I asked our counsellors to draw upon their vast experience in treating addicts and alcoholics and list the most common traits. These may be categorized as the typical traits of an “addictive personality”.
AA (Alcoholics Anonymous) and NA (Narcotics Anonymous) stress the need for a “complete personality change”.
During therapy at Hope Trust, we find ourselves very often addressing these traits and those who recognize these in themselves and make an effort to manage these “personality shortcomings” have a much better chance of achieving long-term sobriety.
Here’s the list:
1 Impatience and Impulsivity (“I want it and I want it now”)
Addicts aren’t alone in their insatiable desire for immediate gratification or their appetite for risk-taking. However, they appear to have a significantly exaggerated sense of hurry to get what they want – now!
They have an inability to wait, to work toward a goal and expect things to materialize merely because they wish so. And if they don’t get what they want, when they want, they tend to blame people, places and situations.
Just about everyone has a hole to fill or a pain to soothe, but not everyone has the internal resources to manage those impulses, but an addict goes for a quick fix.
2 Perfectionism (“Failure is not an option – I deserve the best”)
Moderation is not an option, in whatever they do or desire. They must get the best, do the best. They tend to have high expectations from life – such as family will immediately forgive and begin to trust them since now they are sober for a little while, they expect to get financially successful fast, and they will definitely expect to remain sober no matter what…the list of unreasonably high expectations goes on. And when their expectations are not met, once again the tendency is to blame others for their perceived ‘failure’.
3 Grandiosity (“If I’m OK, the world is OK”)
Addicts tend to think they are really the centre of the universe. Everyone and everything should revolve around them. In all their reflections at the rehab, we notice that their thoughts are mostly about themselves – what they want, what they deserve, what they need, what they expect. Rarely do they think about others’ feelings – this apathy drives others away.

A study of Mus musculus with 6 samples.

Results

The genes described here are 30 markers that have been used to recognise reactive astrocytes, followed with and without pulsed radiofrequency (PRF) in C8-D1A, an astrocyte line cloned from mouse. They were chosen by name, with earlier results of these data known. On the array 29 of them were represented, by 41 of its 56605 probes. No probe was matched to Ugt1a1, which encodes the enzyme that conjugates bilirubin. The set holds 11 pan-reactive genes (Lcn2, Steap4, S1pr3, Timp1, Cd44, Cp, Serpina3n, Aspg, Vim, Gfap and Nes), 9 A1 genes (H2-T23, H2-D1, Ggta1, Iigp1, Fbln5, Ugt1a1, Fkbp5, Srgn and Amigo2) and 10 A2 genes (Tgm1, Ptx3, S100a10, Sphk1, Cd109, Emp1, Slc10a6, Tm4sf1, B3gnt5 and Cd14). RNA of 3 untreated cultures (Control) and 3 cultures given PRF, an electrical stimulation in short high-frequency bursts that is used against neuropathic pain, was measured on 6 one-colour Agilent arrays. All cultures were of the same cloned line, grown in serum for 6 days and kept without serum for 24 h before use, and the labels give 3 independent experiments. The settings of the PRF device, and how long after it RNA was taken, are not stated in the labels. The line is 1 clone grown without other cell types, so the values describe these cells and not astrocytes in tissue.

Of course, we as therapists recognize that grandiosity often arises from low self-esteem and is usually a mask for their fears and insecurities – but it leads to further isolation as others don’t appreciate the apparent arrogance and self-centred behaviour of the alcoholic or addict.
4 Difficulty Connecting with People (“I’m OK without you”)
“An addict alone is in bad company” says an NA slogan. But that’s the situation addicts land up in. Unlike ‘normal’ persons who feel a strong need for attachment and connection with other people, addicts and alcoholics deny this need by isolating themselves. They make excuses for skipping social gatherings, blame others for their struggles and would rather stay home than face the world. As a result, they (often unknowingly) search for connection through drugs, alcohol or other destructive behaviors.
5 Power and Control (“I’m in charge.”)
We have often seen families in complete control of the addict – while they are trying their best to control the behaviour of the addict. The addict manipulates others by blackmailing, threatening and intimidating. Driven by their own fears, the family members inadvertently give up control and are skillfully controlled by the alcoholic.
Of course, the addict is doing so because he is compensating for his acute sense of powerlessness and does not take responsibility for his own actions and choices. Here too he shifts the blame and this gives him more control over others.
The irony is that while nothing is under his control (especially the drinking and drugging); he tries to get a feeling of being in control by trying to control everyone and everything else.
6 Difficulty Managing Emotions (“Feelings are so painful, I’d rather feel nothing.”)
Addicts and alcoholics will do everything possible to avoid the pain of emotions. ‘Normal’ persons are able to recognize and identify their emotions (“I am angry” “I am feeling hurt”) and process these emotions by expressing or sharing them with another person.
An addict however, tends to suppress these emotions. He will use suppressants such as alcohol to deal with uncomfortable emotions. Obviously, when an emotion is not processed, it will stay within the person. And so many emotions, on so many occasions, over so many years when stay unprocessed within a person, it becomes a huge, very uncomfortable burden to carry. The addict further protects himself by building a wall around this – this wall is ‘denial’. He denies his feelings and the incidents associated with it.
A lot of work is done at Hope Trust in this area – helping clients first identify the emotion and then learning to express them appropriately.
This later leads to empathy – the ability to understand others’ emotions – and helps in rebuilding and maintain relationships.
Rahul Luther, Hope Trust India.
Rahul Luther is Executive Director of Hope Trust and leads the therapy team at their facility in India.